For a long time, Instagram was only about the curated feed. A beautiful look into the World and people’s lives, but one that was developed very carefully and strategically to show only the best. A slim (albeit gorgeous) look at humanity.

As we all looked into the World through our screens, you couldn’t help but gain a sense of envy and also feel as though something important was missing. Some truth fell through the gaps.

Social media, especially the carefully curated feeds of Instagram, left many people (including myself) feeling anxious about our own lives and sometimes depressed wondering why we didn’t have it so good. We bought into the facade of the curated feed.

Why Instagram Stories Are A Step Forward For Mental Health - The One Project

“A quick post” turned into 30 minutes of editing, writing, deleting, rewriting, finding tags and pushing yourself to finally publish it, only to spend another 30 minutes monitoring the number of likes that came in. Then, you’d be feeling anxious and starting to worry if the number didn’t increase enough every time you pulled to refresh.

Our anxiety was fueled by the competition between each post on our feed and trying to understand the psychology of why this incredible photo flopped, while a photo you think is just OK is one of your most popular. Thankfully, we have a new way to share and connect with this app and community we’ve grown to love.

Recently, we were introduced to Instagram Stories, an open and honest direct clone of Snapchat that allows people to share photos and videos to their Story, which disappear after 24 hours.

Many people felt they could be real on Snapchat. It seemed to be the place where you could open up and show the everyday realities of your life, without needing to curate or worry about the lasting effects of how it looked on your feed later in the week.

But, so many of us were already invested in Instagram — we had our feeds full of photos, an understanding of how it all worked, and most importantly it’s where our friends were. For many of us, joining and investing the time into a whole other social network seemed to be daunting and simply too much.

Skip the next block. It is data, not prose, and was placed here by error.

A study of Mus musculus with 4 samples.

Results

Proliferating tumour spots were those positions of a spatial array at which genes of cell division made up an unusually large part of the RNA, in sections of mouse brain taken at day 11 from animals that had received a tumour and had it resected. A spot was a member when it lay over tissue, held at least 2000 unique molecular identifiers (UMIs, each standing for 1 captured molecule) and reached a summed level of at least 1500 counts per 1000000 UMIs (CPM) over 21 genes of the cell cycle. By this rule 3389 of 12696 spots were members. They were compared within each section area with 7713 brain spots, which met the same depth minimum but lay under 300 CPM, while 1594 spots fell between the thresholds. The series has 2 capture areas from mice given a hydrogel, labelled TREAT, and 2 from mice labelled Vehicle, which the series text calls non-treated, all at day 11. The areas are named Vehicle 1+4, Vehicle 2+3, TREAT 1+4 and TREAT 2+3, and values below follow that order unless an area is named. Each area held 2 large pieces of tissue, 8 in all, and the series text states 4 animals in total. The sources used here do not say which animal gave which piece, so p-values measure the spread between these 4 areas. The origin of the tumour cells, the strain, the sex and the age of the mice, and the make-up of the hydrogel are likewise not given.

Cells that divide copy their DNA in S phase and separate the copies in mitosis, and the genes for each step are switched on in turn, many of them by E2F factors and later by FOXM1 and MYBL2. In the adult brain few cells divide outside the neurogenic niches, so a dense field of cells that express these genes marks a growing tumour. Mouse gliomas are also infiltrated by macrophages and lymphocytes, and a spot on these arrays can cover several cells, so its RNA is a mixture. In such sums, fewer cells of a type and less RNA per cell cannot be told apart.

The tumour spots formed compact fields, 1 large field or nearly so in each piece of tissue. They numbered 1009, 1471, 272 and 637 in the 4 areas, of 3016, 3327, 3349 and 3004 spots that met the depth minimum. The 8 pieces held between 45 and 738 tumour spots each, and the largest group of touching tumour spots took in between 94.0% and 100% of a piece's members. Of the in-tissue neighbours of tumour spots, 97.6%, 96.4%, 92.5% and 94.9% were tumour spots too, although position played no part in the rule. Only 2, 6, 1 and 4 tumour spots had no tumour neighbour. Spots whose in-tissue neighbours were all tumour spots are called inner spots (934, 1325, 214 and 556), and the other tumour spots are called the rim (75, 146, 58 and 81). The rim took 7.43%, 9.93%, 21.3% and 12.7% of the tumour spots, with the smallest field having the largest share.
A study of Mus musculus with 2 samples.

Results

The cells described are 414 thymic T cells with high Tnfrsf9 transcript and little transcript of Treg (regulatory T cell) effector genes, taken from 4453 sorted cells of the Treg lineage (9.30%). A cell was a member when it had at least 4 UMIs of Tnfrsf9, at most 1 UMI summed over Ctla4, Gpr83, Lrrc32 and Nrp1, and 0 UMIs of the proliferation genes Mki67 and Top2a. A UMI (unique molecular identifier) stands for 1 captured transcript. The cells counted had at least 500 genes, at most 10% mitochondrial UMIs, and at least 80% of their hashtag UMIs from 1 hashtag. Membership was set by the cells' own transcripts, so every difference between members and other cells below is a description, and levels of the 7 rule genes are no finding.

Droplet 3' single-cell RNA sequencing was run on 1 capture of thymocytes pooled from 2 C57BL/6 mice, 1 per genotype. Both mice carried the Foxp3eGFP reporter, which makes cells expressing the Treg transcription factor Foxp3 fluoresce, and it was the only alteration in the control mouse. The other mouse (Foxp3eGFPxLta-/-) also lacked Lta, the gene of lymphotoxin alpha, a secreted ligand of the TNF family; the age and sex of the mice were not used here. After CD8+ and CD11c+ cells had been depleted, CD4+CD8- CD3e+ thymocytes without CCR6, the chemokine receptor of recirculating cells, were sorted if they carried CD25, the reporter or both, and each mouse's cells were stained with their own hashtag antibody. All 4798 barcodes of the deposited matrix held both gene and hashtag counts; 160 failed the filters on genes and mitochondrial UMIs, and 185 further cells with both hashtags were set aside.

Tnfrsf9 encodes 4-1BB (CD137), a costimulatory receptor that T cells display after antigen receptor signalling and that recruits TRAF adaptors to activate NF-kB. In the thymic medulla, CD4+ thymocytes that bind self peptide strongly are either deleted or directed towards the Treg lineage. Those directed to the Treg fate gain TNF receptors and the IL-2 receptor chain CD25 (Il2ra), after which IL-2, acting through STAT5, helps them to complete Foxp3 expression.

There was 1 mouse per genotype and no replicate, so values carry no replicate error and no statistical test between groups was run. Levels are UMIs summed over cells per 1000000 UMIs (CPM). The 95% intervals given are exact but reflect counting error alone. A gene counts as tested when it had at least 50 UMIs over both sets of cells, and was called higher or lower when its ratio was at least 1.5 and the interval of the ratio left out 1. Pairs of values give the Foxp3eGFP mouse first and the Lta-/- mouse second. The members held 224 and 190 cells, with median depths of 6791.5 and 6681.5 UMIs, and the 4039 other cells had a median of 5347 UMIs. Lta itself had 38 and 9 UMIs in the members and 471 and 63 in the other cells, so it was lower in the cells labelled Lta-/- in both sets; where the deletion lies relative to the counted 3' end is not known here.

Now, with Instagram Stories, there’s less anxiety about how many likes a post received and more freedom to show the whole picture of your life, rather than just the highlights. If you hadn’t already jumped over to Snapchat and built a network of friends or audience of followers, now you have the best of both worlds.

I don’t believe it’s the end of Snapchat, but rather the start of a new era for social media.

For a long time, I’ve been watching how social media progresses and evolves. It’s so very new to us that there are going to be growing pains and negative effects, but I believe that we will start to figure it out.

Instagram Stories is a great step forward in my opinion. It marks the start of social networks as a whole moving towards the ephemeral and real aspects of life. The vulnerable and real moments that don’t last on a feed for constant analysis, but leave an impact bigger than if it did.

Why Instagram Stories Are A Step Forward For Mental Health - The One Project

Despite the complexities of social media, our connections to others, and our mental health — I believe we just took a step forward. A new way to share your whole story with those who may empathize or relate.

What are your thoughts on Instagram Stories? Share them in the comments below!


If you’re interested in learning more about therapeutic photography and how it can be used to help with depression and anxiety, you can sign up for our next free webinar or try out our new online course.


The One Project is the photography community for people suffering from depression and anxiety. We teach how therapeutic photography (the healing power of photography) techniques can be used to better express, understand, and overcome these issues with our private online platform and courses. Sign up for free now.

Please note: I always encourage photography to be a tool within your “toolkit” of techniques and support if you’re struggling with a serious issue like depression or anxiety. It’s not a replacement for professional help.